GOOD UNIT TRUST CHOICES

GOOD UNIT TRUST CHOICES

By: FELICITY DUNCAN

According to the Association for Savings and Investment SA (ASISA), South Africans have over R1 trillion invested in collective investments. These funds make up a substantial portion of South African retail investors’ savings, and therefore picking the right unit trust is one of the most important investment decisions the average retail investor can make. However, with over 900 registered funds available, selecting a winner is not easy. Let’s take a look at how you can improve your chances of picking a good ‘un.

Step one: What kind of fund are you looking for?

There are many different types of unit trusts, ranging from less risky but less likely to deliver knockout returns money market funds to riskier but more likely to deliver inflation-beating returns equity funds, with asset allocation funds, which invest in a balanced portfolio of equity, fixed interest, and property, falling somewhere in the middle.

The first consideration when selecting a fund is thus your risk profile. Different funds are tailored to different risk profiles: when you’re close to retirement, you should err on the side of conservative and low return, when you’re a younger investor, take on more risk and focus on higher returns.

A second consideration is how many funds you’ll choose to invest in. If you don’t want to do a lot of research or put all your eggs in one basket, spreading your investment among several managers with different styles can be a good way to manage risk. Also remember that if you want diversity without complexity, you can pick a multi-manager fund that combines a number of funds into one platform rather than a fund run by a single manager.

Armed with an idea of what type of fund you want, you can now begin to browse your options. A great tool for doing so is found on the Moneyweb site, where you can select what type of fund you want and see a list of funds in that class ordered by one-year performance ranking.

Remember, of course, that short-term performance isn’t a great guide to investing. So be sure and look at the three-year (or longer) performance data before drawing up your list of maybes, and remember that even that is not a perfect guide to the future.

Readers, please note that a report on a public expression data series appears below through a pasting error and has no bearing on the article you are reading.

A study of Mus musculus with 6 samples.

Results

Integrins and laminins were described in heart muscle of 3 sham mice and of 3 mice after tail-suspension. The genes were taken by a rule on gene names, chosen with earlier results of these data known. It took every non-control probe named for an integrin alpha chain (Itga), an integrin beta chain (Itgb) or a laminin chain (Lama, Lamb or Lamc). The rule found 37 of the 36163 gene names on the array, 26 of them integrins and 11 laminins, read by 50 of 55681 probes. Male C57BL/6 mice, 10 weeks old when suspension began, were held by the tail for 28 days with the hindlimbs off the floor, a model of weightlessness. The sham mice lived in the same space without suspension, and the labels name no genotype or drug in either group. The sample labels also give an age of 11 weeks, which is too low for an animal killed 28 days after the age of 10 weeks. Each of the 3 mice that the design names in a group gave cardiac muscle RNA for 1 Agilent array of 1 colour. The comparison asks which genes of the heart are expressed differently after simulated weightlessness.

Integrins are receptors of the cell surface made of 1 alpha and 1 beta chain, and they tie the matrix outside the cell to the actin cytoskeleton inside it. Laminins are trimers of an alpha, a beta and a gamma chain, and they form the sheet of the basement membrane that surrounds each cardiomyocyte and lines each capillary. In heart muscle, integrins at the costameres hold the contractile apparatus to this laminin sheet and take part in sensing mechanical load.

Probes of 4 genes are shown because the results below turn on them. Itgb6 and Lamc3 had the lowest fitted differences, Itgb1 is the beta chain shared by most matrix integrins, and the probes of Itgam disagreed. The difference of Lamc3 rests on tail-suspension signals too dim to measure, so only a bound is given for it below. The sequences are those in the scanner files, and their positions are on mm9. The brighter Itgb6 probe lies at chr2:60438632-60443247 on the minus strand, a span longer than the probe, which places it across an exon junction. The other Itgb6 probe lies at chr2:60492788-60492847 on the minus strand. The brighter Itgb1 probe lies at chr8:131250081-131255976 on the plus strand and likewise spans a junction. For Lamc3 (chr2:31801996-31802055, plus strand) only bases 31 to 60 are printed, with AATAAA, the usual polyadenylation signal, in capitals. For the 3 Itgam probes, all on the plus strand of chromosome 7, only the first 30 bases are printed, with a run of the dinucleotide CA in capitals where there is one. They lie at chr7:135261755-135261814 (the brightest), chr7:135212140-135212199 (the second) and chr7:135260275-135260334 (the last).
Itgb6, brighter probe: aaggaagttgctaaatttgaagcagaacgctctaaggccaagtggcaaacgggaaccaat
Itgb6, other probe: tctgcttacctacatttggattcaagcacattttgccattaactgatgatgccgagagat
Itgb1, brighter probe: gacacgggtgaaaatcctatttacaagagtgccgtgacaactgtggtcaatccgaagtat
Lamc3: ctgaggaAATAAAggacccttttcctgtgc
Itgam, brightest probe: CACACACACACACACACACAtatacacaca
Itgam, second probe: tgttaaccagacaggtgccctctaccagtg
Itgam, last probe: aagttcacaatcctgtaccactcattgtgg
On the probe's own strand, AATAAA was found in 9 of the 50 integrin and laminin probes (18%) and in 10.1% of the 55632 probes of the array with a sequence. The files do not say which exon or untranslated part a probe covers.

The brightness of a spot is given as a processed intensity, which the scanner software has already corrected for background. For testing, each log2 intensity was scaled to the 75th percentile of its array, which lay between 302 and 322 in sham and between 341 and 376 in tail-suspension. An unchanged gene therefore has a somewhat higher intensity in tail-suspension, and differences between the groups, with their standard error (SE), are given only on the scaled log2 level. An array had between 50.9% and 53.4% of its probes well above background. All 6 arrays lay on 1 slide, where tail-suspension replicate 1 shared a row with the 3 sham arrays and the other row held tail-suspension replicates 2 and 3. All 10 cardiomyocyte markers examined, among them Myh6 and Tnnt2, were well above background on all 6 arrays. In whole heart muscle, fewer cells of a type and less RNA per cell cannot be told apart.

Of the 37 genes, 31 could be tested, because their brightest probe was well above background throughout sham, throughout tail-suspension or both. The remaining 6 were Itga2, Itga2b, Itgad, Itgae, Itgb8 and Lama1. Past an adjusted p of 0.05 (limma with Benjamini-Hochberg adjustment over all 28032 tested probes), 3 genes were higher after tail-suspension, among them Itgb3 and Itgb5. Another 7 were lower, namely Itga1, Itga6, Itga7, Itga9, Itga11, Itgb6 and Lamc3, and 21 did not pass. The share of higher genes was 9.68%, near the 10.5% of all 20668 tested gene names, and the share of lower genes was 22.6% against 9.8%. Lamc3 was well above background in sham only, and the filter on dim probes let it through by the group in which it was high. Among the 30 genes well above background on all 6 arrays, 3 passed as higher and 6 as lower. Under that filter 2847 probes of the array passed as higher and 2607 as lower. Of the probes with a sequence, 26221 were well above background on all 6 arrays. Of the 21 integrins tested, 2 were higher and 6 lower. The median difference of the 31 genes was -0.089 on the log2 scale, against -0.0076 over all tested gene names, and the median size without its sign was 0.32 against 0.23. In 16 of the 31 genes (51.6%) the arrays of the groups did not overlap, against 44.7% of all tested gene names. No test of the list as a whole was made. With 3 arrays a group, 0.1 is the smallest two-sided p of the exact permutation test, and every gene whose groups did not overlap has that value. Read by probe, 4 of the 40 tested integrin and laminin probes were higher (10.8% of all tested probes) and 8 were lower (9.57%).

Step two: Narrow down your options

You’re now armed with a list of potential candidates and it’s time to take a more detailed look at them. Head over to Moneyweb’s unit trust tool and read over the information provided about the fund’s manager and objectives, then use the unit trust portfolio tool to get a sense of exactly what the fund is invested in the idea is to get as much information as you can.

If you’re going with a single manager fund, look for an experienced fund with an investment philosophy you agree with. Some managers take a long-term approach, which can build wealth over the years but can also mean short-term losses, while others prefer stable returns. Pick someone you feel comfortable with. Also look for a fund that has a target (e.g. All Share Index performance plus 2%) that works for you.

At this point, you should also be considering the question of fees. Fees are one of the things that can seriously erode your returns, so make sure you pick a fund that charges reasonable fees. In addition, while you shouldn’t blindly go with a big brand name, it is worth keeping in mind that bigger management companies are usually able to manage their costs better and thus charge lower fees (although if they get too big, they lose the ability to invest in smaller, riskier companies and make quick investment changes).

Once you think you’re ready to pick, you should go over your choices with a trusted financial adviser before you make the investment it’s always a good idea to get a professional opinion. Then, with your research done and your adviser behind your choices, pull the trigger, and enjoy many happy returns.